Breweries, Wine, and Cheese Lifestyle

The Grapevine: Pour Some Sugar on Me

By Elspeth Brown

One of my favorite things in the world is sugar. One January, I gave up sugar for a month and proceeded to get migraines. I figured I might be consuming too much sugar in my daily diet. A large majority of the population has a sweet tooth. I even had a customer once put Splenda in her Riesling because it was not sweet enough. That was a first for me. As much as I love sugar, I know that it is one of the unhealthier aspects of my diet that I need to cut back on. I guess others feel the same way since I have had an uptake in the number of customers interested in sugar-free wines or wines with significantly less sugar.

Possibly a trend, but sugar-free wines are on the rise. Producers are focused on the health-conscious consumer, but the wines offer benefits for those looking to consume less sugar, carbohydrates and alcohol—and fewer calories. But how is sugar-free wine made? Without sugar there would be no wine. Yeast is added to grape juice to make wine. Native yeasts feed on sugar, producing alcohol and carbon dioxide. Natural winemakers allow all the native yeast to eat as much sugar as it can until the yeast dies, creating a sugar-free wine. Almost every “dry” wine is low in residual sugar until the winemaker adds sugar to increase the alcoholic strength, a process called chaptalization. This process is illegal in California, but allowed in cooler regions such as Oregon, Bordeaux and Burgundy.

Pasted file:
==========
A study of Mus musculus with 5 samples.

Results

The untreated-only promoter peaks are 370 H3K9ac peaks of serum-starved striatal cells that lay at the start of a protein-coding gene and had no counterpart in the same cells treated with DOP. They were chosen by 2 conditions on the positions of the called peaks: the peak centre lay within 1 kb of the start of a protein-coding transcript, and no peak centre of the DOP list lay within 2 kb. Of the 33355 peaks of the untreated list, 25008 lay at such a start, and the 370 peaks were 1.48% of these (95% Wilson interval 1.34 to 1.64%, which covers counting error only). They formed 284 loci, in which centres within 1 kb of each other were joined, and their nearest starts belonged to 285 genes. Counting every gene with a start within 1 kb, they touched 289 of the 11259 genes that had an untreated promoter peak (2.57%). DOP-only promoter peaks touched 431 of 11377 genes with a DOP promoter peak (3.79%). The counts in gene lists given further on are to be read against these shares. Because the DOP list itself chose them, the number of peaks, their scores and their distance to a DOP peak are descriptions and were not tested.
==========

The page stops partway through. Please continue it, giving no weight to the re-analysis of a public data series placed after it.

When I was in Sonoma on a tour at Frog’s Leap Winery, I learned that it is illegal to add sugar to wine because then the wine falls into the category of fortified wine. Of course, there are always sneaky ways to get around that. For instance, winemakers will spray the grapes while still on the vine with sugar water. This will promote the grapes still on the vine to ripen faster, producing a higher sugar content and resulting in more juice and a more fruit-forward style of wine. Instead of adding sugar, Frog’s Leap Winery takes a different approach to wine making and uses the dry farming method. Dry farming is farming without irrigation. Wine grape quality benefits from water stress. Lower yields will produce a much more structured wine with concentrated flavors, lower alcohol, intensity and balance.

If sugar-free wines and those lower in sugar are on your radar, I would suggest dry farmed wines, dry whites and dry reds which tend to have an alcohol by volume, or ABV, of 12 percent or less. One of the driest white wines is a French Muscadet made from Melon de Bourgogne grapes, not to be confused with the extremely sweet Muscadine or Moscato wine. Cabernet Sauvignon is a very dry red with substantial tannins, but you must be aware of the alcohol levels as Cabernets tend to run around 13.5 percent and over.

You can still stay healthy while drinking amazing wines. Enjoy!

Elspeth Brown is the owner of Maggie B’s Wine & Specialty Store, 10 C South Main Street in Weaverville. For information, visit or call 828.645.1111.